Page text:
As you may have figured out, I’m currently aboard a cruise ship. I love cruising in part because you can explore so many different places in such a short time. I tend to be a wanderer and an explorer, having grown up moving from place to place and loving it.
My husband, however, grew up living essentially in the same house and always in the same area. His parents are still somewhat shocked that he lives so far from them, but nonetheless, we’re tied to where we live now. He’s a teacher, which doesn’t give him a whole lot of room to move around, especially as he gains seniority in the school district.
The wee ones will unequivocably be able to say that they are from Chicago. My husband finds it easy to say that he’s from St. Louis, as his parents and grandparents and more are from there. While my mother was born in Chicago, my father is from Iowa, and both their parents hail from elsewhere. And I moved around all the time.
When people ask me where I’m from, more often than not, I ask them to define what they mean. And I’m ok with that. I don’t need to have deep roots in a place to feel like I’ve created a home and belong somewhere. My husband struggles with it more, but he’s adapting.
I’ll be interested to see how the wee ones feel about describing where they’re from. They can’t even fall back on my half Irish pedigree. They’re true mutts with everything from 1/32nd Cherokee to Norwegian to German and more, with the ancestral homes becoming more and more fuzzy.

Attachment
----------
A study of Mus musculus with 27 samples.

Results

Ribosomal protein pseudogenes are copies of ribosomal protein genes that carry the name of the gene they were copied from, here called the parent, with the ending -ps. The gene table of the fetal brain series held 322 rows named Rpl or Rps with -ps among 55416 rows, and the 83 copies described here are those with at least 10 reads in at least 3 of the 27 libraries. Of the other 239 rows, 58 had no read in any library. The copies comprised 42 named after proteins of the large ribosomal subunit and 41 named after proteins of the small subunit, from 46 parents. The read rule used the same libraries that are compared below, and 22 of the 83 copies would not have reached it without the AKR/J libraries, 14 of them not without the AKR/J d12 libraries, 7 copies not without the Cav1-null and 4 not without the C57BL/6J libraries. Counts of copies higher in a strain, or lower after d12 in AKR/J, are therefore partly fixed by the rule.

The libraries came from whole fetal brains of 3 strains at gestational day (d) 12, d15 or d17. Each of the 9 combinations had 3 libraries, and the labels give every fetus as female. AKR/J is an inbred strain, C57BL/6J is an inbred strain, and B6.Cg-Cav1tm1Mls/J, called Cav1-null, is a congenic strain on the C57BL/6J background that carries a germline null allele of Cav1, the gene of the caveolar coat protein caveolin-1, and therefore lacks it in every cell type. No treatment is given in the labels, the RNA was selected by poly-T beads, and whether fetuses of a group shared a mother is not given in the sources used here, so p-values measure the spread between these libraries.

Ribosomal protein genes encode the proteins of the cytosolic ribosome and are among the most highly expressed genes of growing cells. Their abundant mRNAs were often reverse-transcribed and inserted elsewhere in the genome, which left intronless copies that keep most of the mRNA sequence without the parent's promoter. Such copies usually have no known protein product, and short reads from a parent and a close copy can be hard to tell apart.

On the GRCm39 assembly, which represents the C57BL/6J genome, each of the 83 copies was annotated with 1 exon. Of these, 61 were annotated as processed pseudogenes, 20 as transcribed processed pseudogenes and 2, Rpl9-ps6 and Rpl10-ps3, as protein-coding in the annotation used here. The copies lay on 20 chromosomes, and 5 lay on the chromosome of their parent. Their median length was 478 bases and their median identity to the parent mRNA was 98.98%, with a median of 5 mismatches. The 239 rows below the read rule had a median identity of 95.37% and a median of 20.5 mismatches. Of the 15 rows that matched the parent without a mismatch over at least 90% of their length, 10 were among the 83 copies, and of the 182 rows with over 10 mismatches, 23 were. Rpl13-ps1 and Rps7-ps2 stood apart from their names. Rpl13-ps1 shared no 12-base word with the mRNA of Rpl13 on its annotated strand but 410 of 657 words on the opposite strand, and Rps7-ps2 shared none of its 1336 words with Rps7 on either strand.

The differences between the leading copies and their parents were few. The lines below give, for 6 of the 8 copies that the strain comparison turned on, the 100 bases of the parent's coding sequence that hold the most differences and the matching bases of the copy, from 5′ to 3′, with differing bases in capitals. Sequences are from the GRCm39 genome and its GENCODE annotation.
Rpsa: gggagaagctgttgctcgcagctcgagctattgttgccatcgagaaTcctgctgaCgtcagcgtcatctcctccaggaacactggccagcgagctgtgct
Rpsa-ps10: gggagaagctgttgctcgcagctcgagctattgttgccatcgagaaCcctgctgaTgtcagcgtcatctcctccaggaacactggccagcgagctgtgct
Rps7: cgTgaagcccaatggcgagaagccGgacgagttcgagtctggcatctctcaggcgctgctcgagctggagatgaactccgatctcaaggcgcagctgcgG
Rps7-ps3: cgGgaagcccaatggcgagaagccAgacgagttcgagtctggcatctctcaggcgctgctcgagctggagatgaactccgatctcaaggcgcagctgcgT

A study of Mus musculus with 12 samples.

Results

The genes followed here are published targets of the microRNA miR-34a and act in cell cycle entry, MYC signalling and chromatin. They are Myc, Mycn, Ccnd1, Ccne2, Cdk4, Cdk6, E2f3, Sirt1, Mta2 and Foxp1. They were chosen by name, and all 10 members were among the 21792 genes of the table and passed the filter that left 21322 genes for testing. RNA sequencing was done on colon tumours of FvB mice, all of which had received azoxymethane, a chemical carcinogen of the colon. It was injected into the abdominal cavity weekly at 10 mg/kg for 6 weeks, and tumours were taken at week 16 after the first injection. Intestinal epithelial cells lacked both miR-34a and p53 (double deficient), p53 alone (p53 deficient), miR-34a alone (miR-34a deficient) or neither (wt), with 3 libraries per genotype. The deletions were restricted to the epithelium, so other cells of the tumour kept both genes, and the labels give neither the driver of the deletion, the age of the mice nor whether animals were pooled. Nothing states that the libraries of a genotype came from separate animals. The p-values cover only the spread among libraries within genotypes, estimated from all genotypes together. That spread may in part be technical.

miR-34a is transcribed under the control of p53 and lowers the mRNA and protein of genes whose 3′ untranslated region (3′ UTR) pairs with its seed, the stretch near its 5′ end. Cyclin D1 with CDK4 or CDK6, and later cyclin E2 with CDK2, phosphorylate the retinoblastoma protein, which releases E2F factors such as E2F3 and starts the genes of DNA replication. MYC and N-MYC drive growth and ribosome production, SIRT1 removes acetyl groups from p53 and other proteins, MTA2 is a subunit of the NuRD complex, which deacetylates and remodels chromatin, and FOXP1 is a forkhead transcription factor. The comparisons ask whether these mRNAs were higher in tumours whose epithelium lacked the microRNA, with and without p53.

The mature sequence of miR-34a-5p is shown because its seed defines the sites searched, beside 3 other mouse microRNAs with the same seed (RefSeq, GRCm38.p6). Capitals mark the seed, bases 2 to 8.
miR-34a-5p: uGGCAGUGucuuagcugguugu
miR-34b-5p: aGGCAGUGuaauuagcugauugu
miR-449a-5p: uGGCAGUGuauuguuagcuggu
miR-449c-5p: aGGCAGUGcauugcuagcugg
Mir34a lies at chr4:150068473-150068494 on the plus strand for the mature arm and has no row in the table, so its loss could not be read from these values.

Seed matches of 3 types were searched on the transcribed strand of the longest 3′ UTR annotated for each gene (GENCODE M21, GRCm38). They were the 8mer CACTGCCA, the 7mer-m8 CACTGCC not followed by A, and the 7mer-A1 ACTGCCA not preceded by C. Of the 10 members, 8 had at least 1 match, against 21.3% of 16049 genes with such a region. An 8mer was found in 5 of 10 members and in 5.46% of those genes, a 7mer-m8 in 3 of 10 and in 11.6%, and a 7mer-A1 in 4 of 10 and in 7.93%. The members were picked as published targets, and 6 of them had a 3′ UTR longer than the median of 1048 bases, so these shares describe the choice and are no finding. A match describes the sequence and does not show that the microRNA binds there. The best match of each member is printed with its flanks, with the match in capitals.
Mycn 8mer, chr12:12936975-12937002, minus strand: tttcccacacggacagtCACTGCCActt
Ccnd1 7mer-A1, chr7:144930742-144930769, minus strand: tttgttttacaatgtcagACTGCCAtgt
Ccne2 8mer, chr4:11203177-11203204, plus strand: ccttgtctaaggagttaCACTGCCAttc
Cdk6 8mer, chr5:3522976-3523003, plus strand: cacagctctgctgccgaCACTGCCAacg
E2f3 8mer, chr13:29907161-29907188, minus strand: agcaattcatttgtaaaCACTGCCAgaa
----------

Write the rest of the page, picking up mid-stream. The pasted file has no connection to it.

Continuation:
Right now, I walk about wishing to retire to a small village in Italy and living there. It’s a pipe dream in all reality, but that truly tears my roots from their moorings, as neither my husband nor I have a drop of Italian blood in us.
For so long, so many people have defined themselves by where they’re from and who their people are. There are many places and cultures that still do so, but this is becoming a smaller part of the world today than it was 20 or 50 years ago. I’m ok with that, as I have so many other definitions of who I am instead, but I know I’m definitely not in the majority. Yet. One day, I will be.
So how do you define yourself and your heritage?
This post for the From Left to Write book club was inspired by “This Is Paradise” by Kristiana Kahakauwila, a collection of short stories that shares a view of Hawaiians few tourists ever experience.